The Portland City Council voted 8-1 Monday night to further study a proposal to convert High and State streets – two major commuter thoroughfares – from one-way to two-way roads in an effort to make the area safer and more appealing to residents, pedestrians and cyclists.

The council action directs the city to hire a consultant to examine public safety concerns and for staff to refine cost estimates for the project, currently estimated at $3.2 million, $2 million of which is for traffic signal upgrades that will be needed regardless of the project.

Responding to criticisms and concerns point by point, City Councilor David Marshall, who represents the district the streets are in, said the conversion is consistent with the council’s Complete Streets policy, which aims to make streets safe for cyclists, pedestrians and vehicle. He framed the conversion as being similar to other traffic-calming measures, such as speed humps and street plantings, designed to make neighborhoods feel safer.

“What we’re talking about here is re-kitting a neighborhood to make it feel more cohesive,” he said.

The proposal is supported by neighborhood groups in the West End and Parkside neighborhoods, as well as Greater Portland Landmarks and the Portland Society for Architecture, as a way to unravel the car-centric urban renewal of the 1960s and 1970s and restore the historic neighborhood.

“It’s time to prioritize the people who live in these neighborhoods rather than the cars that traverse them,” said Ian Jacob, president of the West End Neighborhood Association.

Although the Portland Community Chamber of Commerce supported the council’s acceptance of a feasibility report and studying it further, the business group opposed the conversion itself, partly because of the loss of about 30 parking spaces among other concerns, as did the Westin Portland Harborview Hotel on High Street, which is currently experiencing traffic problems with guests arriving.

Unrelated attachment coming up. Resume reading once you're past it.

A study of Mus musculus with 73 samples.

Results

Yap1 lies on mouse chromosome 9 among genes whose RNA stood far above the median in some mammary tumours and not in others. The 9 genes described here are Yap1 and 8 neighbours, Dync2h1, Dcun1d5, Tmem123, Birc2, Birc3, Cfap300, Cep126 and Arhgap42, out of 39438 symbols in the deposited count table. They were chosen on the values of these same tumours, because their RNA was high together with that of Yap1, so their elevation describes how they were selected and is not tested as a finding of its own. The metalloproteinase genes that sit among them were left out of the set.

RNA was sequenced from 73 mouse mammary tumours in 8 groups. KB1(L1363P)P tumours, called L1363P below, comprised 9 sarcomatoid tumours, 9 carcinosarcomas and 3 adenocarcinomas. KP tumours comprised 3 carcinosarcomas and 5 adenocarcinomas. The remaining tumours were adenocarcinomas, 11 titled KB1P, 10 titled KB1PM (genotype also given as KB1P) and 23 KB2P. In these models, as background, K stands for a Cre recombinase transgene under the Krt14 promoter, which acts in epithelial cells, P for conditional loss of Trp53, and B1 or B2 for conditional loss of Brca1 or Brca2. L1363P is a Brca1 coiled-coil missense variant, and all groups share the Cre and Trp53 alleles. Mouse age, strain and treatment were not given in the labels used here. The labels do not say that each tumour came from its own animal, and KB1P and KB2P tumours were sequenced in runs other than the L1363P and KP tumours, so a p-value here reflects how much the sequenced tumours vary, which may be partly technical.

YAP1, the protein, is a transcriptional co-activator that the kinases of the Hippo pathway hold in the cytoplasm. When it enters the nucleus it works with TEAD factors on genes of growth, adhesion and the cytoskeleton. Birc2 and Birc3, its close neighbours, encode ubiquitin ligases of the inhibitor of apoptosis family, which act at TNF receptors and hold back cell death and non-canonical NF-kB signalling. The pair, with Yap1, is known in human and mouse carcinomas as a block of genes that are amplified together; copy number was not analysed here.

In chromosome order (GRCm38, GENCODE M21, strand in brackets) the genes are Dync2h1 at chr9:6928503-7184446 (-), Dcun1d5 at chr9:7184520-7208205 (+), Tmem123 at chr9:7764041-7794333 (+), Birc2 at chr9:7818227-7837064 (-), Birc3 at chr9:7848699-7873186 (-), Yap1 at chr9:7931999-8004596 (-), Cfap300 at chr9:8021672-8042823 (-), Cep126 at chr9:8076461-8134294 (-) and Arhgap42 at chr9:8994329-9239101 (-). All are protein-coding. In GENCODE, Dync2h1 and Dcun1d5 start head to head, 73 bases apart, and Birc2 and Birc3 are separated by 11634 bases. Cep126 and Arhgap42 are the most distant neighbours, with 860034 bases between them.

“From a practical standpoint you need to consider the fact that you have the largest hotel in the state and we’re doing well,” General Manager Bruce Wennerstrom said. “We have to think about how we’re going to handle traffic in front of that building.”

The proposal is also opposed by off-peninsula residents, according to one councilor.

“I get the feeling that in other parts of the city this may not be what people support,” said District 5 Councilor David Brenerman, who voted against the proposal. “People in this city still drive cars and trucks and they use them to access the city.”

The council action came after a 90-minute public hearing, at which the vast majority of speakers supported the conversion. Several supporters were concerned that city officials were balking about accepting the feasibility report without having funding for the project.

“That is not the issue before you,” said State Street resident Joe Gray, a former Portland city manager who urged the council to accept the report and further study the conversion.

The two-way conversion study began in the spring of 2014 and a public advisory group voted in June to send a report to the City Council stating that the conversion is feasible. However, the group did not weigh in on whether the conversion would be practical, nor did it discuss potential funding sources.

In recent weeks, public safety officials have begun voicing their concerns about longer anticipated response times with the two-way conversions. The city manager and some city councilors also are skeptical that the project would receive funding, given the level of need elsewhere in the city.

High Street runs one-way from Commercial Street to Forest Avenue. State Street runs in the opposite direction, from Forest to the start of the Casco Bay Bridge. Both were converted into one-way streets in 1972 and have been popular routes for commuters traveling through the city.